Simplified Corporations: New Requirements for Incorporation

Simplified Corporations: New Requirements for Incorporation


Unfortunately, this anniversary brings a new regulation, the General Resolution IGJ 4/2022 (hereinafter, the “Resolution”) which, like those enacted during the year 2020, hinders both its incorporation and its operation. 

As of this new Resolution, the  General Inspectorate of Justice (hereinafter, the “IGJ”)  seems to extend a cloak of suspicion on the address and registered office of any SAS, so that the entity  must prove the existence and veracity of these at the time of incorporation  or registration of  changes. For this purpose, one of the following must be submitted to the IGJ:

  • Verification of the existence of the office of the SAS, made before a public notary;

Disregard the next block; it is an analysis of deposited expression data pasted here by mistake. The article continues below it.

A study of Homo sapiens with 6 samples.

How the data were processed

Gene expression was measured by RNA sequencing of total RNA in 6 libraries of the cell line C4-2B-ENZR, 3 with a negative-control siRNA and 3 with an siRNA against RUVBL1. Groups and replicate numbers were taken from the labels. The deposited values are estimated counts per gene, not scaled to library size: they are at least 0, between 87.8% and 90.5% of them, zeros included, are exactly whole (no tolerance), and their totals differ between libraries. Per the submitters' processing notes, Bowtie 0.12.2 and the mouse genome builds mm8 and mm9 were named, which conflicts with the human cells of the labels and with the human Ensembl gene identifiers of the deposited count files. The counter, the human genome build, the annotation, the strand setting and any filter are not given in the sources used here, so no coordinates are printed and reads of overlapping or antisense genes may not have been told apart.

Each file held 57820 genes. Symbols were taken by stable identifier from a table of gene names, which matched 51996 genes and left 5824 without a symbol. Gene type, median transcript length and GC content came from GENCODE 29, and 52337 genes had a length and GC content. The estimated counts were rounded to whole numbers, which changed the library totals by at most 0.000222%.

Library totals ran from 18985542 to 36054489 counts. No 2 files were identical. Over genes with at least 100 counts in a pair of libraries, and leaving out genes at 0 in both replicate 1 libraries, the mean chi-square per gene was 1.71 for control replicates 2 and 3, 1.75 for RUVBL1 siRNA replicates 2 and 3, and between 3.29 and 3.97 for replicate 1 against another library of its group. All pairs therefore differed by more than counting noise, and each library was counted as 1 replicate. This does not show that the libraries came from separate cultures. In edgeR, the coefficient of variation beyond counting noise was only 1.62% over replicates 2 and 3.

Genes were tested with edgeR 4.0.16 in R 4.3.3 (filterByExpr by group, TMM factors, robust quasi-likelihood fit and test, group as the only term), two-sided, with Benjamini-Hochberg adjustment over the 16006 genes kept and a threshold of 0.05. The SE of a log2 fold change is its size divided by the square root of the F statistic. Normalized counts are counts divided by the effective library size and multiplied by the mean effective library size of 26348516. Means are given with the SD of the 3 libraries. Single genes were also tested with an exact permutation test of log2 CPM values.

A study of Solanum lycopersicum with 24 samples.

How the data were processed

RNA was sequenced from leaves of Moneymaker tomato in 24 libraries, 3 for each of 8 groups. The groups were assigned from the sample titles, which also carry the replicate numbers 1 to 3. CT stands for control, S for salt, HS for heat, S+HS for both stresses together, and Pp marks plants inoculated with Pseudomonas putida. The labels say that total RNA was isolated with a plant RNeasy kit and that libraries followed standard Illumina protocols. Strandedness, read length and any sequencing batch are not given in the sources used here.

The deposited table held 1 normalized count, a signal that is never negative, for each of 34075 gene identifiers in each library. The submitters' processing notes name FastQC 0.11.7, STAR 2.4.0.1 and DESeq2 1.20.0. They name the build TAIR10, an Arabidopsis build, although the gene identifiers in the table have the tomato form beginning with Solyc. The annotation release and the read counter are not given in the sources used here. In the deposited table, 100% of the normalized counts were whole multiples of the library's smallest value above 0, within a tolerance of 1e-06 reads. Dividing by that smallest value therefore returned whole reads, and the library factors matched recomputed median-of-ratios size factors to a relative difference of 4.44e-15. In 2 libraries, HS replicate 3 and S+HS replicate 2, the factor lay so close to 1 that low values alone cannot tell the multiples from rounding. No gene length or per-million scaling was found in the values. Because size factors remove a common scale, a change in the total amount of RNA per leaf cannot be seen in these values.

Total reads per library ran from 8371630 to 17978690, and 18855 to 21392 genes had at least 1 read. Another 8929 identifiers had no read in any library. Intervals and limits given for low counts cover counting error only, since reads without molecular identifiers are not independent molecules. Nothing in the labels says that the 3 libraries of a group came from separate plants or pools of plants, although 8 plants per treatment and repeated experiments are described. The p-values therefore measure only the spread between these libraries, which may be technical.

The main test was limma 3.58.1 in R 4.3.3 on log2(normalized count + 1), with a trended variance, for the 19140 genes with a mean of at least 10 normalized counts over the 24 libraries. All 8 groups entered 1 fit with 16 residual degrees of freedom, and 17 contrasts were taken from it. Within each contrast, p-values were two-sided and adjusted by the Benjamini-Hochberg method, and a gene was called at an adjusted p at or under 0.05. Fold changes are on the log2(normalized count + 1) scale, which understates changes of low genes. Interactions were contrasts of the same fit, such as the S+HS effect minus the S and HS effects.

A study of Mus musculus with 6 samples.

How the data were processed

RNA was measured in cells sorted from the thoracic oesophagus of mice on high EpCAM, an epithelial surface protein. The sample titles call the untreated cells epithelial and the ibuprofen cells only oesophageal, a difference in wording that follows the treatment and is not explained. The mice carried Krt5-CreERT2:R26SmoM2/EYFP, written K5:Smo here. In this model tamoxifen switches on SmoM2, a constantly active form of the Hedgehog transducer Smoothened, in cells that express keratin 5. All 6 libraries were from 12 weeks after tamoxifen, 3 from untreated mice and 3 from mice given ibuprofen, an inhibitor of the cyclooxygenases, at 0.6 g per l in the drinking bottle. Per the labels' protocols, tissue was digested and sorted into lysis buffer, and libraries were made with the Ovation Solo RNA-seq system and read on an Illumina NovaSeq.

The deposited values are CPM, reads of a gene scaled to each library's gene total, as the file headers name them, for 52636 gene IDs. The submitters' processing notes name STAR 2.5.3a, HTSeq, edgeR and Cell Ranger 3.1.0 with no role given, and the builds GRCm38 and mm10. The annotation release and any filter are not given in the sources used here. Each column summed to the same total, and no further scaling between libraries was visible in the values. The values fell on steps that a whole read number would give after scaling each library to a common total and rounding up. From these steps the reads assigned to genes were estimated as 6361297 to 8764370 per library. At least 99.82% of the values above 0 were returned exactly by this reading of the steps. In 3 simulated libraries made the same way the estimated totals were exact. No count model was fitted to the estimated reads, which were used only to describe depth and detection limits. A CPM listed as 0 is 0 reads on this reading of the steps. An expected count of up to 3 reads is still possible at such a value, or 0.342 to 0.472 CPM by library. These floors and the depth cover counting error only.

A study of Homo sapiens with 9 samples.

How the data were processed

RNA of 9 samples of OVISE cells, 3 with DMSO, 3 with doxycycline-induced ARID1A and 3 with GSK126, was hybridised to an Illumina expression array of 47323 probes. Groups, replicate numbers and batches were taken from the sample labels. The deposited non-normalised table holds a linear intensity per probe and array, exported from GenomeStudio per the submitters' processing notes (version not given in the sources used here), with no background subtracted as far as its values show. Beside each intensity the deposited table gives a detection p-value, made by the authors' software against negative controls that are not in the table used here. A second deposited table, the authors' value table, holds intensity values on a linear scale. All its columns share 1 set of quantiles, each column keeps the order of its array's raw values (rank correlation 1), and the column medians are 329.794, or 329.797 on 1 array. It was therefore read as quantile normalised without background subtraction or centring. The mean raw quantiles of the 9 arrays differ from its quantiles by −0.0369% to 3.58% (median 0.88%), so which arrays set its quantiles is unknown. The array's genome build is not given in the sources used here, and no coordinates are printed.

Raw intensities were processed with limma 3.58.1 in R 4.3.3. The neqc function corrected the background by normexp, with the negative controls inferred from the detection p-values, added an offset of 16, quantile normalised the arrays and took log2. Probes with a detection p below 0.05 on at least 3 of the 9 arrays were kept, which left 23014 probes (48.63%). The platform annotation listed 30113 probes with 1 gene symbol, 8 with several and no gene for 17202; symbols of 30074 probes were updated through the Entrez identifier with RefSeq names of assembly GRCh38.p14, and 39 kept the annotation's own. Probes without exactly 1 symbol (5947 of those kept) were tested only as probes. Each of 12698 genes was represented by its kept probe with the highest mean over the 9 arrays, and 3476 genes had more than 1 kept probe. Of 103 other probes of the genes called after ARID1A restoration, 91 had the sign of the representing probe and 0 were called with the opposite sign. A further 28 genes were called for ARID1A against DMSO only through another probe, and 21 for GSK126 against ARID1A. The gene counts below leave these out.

• Invoice of a public utility supplied in the office in the name of the SAS;
  • Title deed of the registered office;
  • Rental or leasing contract of the registered office;
  • Local authorization of the property designated as principal office.

This new requirement will be an inconvenience for entrepreneurs who usually used to resort to this type of entity. The verification by a public notary is expensive, increasing the budget that partners must allocate to bureaucratic matters instead of financing the operation of the SAS. Meanwhile, the other means of accreditation of the registered office are difficult to comply with for a company that has not yet been registered before the IGJ, and therefore does not have a tax identification number or registered representatives. 

Finally, the Resolution reinforces the power of the IGJ to visit and verify through different tools the veracity and existence of the registered principal office.

For further information and inquiries related to commercial companies, please contact us at [email protected]

María Cecilia Brazzola

C.P.A.C.F. Tº 102 Fº 702

About Cecilia Brazzola

Cecilia is a lawyer (Universidad Torcuato Di Tella — UTDT), and Master in Law and Economics (UTDT, with honors). She is a graduate of the Commercial Law Program (Bucerius Law School, Hamburg, Germany).